My colleague at CBB Today, Joseph Nardone, wrote about the decision potentially facing Virginia Tech head coach Buzz Williams about the soon-to-be-open job in College Station. The Texas A&M Aggies will reportedly part with head coach Billy Kennedy as soon as A&M’s SEC Tournament run ends.
Thursday afternoon, in the first of four second-round games at the SEC Tournament, Arkansas lost to Florida, sending the Razorbacks most likely to the NIT. What does Arkansas have to do with Billy Kennedy? More than you might think.
A&M wanted a new coach. Arkansas has not yet made a decision about Anderson. Yet, which coach did more at his SEC stop?
Anderson, in eight seasons in Fayetteville, has never made a Sweet 16. He has won two NCAA Tournament games in that span of time. This comes at a program which was a national powerhouse in the 1990s, the 1-B in the SEC to Kentucky’s 1-A. Arkansas — since Eddie Sutton turned the program into an elite force in the late 1970s — was a nationally relevant program for roughly a quarter of a century. Then the music died after Nolan Richardson left.
Anderson, a Richardson protege, was supposed to revive the music, but the only songs played this decade have been sad ones at UA. Yet, at least for now, Arkansas hasn’t decided to seek a fresh voice on the bench or a new face for its once-prestigious program.
A&M, on the other hand, wanted someone other than Kennedy at the helm in AggieLand.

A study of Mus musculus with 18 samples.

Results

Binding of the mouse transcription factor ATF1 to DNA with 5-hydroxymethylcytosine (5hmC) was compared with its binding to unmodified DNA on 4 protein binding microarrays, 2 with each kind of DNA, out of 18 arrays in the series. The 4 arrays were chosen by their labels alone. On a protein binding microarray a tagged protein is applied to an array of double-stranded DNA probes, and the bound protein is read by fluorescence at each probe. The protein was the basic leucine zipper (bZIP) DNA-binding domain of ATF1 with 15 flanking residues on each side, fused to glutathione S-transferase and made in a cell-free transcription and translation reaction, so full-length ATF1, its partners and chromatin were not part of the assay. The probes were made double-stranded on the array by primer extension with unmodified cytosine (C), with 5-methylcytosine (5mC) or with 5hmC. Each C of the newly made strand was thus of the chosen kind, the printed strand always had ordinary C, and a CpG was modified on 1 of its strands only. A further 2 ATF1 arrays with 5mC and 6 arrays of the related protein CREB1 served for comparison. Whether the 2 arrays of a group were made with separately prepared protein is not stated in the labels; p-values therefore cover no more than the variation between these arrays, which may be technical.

Obviously, A&M has the money to attract elite coaches. It just as obviously has a conference, the SEC, in which it is easier to win. The SEC has become tougher and deeper in recent years, but there have been only three particularly strong SEC teams this year, and if Will Wade leaves LSU, one of those three programs (the one in Baton Rouge) will be in an uncertain position entering next November. Kentucky and Tennessee should continue to be good, but much of the rest of the SEC is — and will be — up for grabs.
Texas A&M is a good job, and the Aggies want an elite coach in that chair. The desire to push for Buzz Williams does make sense.
However: This isn’t really fair to Billy Kennedy. Let’s establish that. The man deserved better.
Billy Kennedy made the Sweet 16 in 2016. That’s one more Sweet 16 than Mike Anderson’s full Arkansas tenure. A&M fell off the map in 2017, missing the NCAA Tournament, but it just as swiftly bounced back and returned to the Sweet 16 in 2018, knocking out defending national champion North Carolina — via blowout — in the NCAA Tournament.
Two Sweet 16s in four seasons might be an example of underachieving at Duke or North Carolina or Kentucky, but at Texas A&M, it is a spectacular body of work. This is not a program with a rich or extensive college basketball history. It reached NCAA Tournaments in consecutive seasons in only one six-year period of time: 2006-2011. At no other point in program history did this program make consecutive versions of the Big Dance. The Aggies have never made the Elite Eight, let alone the Final Four.
Billy Kennedy made two of the program’s six Sweet 16 appearances — that’s one-third if you’re doing quick math (33.3 percent).
Yet, Kennedy is about to be gone. Arkansas has been less committed to its future relative to Mike Anderson.
Is Billy Kennedy a giant in coaching? No… and no one is saying or suggesting he is.
However, he very clearly did better at A&M than Mike Anderson has done at Arkansas, and yet it seems A&M wants basketball success more urgently than Arkansas does (unless the Hogs choose to fire Anderson in the coming days).
Billy Kennedy can coach — not at an A-plus level, but certainly at a B-plus level.
B-plus is not extraordinary, but we could all live with peace of mind if we were as good at our jobs as Billy Kennedy was at Texas A&M.
He didn’t revolutionize basketball… but he did well. Let’s remember that.